Sony's Xperia Z seems worth comparing with the Nexus 4 from the Google-LG. The two gadgets draw energy from one power source - the 1.5GHz Snapdragon S4 Pro that works sweetly with a 2GB RAM for a trouble-free handset behaviour.
But beyond these shared characteristics, the Xperia Z appears superior on paper: More storage capacity, longer battery and a backing technology that Sony built up through decades of experience.
Sony take pride on its consumer electronic products, their core technology the company deliberately apply in overlapping fashion on all its offerings, smartphone including.
It goes without saying that Sony's new flagship smartphone will benefit from the portfolio of Sony creations. The 1080p Xperia Z will have a Full HD 5-inch screen that the company said will deliver crisp video and image rendering. Viewing clips on the phone is enhanced by the firm's Bravia technology, which made its mark on television units that Sony used to sell by the hordes.
Sony also immortalised the pleasure of mobile music listening via Walkman. The same will be ported with the Xperia Z, this time part of the Japanese company's multi-media content and entertainment package.
Also, the Xperia Z's camera features, underpinned on Sony's vaunted reputation, is greeted by experts with glee for ramping up on all the awe-inspiring image capturing and video recording functions that the tech world has witnessed before.
Sony offers more than what Google on Nexus 4 can provide. But the Xperia Z is not expected to drive the popular smartphone out of business. Users are drawn to the LG-manufactured device because it delivers what they need and want for a trusty handset.
As Google had intended, Nexus 4 represents a full smartphone experience that is actually affordable. Its retail price will not exceed the $300 mark but its usability is limited only by users' imagination and willingness to experiment.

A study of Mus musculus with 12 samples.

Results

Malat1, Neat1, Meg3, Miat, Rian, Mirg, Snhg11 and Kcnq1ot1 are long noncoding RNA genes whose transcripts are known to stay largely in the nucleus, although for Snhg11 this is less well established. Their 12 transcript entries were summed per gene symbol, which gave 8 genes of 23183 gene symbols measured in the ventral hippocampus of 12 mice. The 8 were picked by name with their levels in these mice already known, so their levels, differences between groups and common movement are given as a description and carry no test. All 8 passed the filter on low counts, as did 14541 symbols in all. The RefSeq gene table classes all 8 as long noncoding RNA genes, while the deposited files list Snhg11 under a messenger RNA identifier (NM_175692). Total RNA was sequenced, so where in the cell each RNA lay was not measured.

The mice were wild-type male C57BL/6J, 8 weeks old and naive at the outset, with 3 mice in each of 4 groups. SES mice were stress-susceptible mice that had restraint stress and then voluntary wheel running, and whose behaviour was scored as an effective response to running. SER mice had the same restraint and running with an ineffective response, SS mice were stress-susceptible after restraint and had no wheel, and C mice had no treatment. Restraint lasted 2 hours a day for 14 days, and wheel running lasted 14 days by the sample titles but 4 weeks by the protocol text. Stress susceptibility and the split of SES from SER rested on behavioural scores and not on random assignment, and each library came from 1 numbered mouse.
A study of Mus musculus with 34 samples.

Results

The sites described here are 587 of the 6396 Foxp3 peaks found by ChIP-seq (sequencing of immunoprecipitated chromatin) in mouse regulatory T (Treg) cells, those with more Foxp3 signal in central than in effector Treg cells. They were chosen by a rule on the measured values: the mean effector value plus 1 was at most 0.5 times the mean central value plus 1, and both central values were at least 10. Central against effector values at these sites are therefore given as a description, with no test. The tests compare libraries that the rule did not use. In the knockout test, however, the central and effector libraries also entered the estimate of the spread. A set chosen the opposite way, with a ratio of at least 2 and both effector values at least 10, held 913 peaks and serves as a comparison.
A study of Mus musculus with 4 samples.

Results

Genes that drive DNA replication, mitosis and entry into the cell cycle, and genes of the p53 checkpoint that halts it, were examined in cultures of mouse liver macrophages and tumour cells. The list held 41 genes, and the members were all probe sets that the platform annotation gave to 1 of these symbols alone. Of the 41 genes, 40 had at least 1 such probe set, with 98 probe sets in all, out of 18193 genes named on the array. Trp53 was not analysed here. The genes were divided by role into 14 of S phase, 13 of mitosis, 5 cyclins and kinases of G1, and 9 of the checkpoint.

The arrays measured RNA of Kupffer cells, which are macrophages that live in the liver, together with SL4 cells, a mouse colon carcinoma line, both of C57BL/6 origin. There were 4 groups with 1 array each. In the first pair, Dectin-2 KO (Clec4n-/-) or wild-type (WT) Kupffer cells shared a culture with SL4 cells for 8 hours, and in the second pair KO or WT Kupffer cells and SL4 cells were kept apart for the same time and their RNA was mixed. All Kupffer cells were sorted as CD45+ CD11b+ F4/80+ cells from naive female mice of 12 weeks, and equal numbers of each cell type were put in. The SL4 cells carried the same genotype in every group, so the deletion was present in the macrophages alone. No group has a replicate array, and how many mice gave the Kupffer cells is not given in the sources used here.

The native Android on Nexus 4 alone promises of unimpeded enjoyment in the ecosystem minus the trouble of modifications (though many Nexus 4 owners opt for that), which is not possible on Xperia Z without rooting it and flashing custom ROMs on the handset.
With Nexus 4, Google provides near super ownership of the handset plus unfettered access to the Android apps collection, a move so appreciated by Android fans they quickly grab every available unit to crop up on Google Play store.
On Xperia Z, that is a remote possibility. You get the Sony phone, you subscribe to the company's inner ecosystem, which is fun anyway but is defined by boundaries.
On Nexus 4, you get the Google smartphone (hopefully you get it soon enough) and you will immerse with the liberal collaboration of Android developers that so far have contributed more than 750,000 apps for everyone's enjoyment.
Sony's Xperia Z is a superb creation that outshines the Nexus 4 in many respects. But the Google phone remains a winner because users would find it hard to resist a smartphone experience that is both rich and affordable.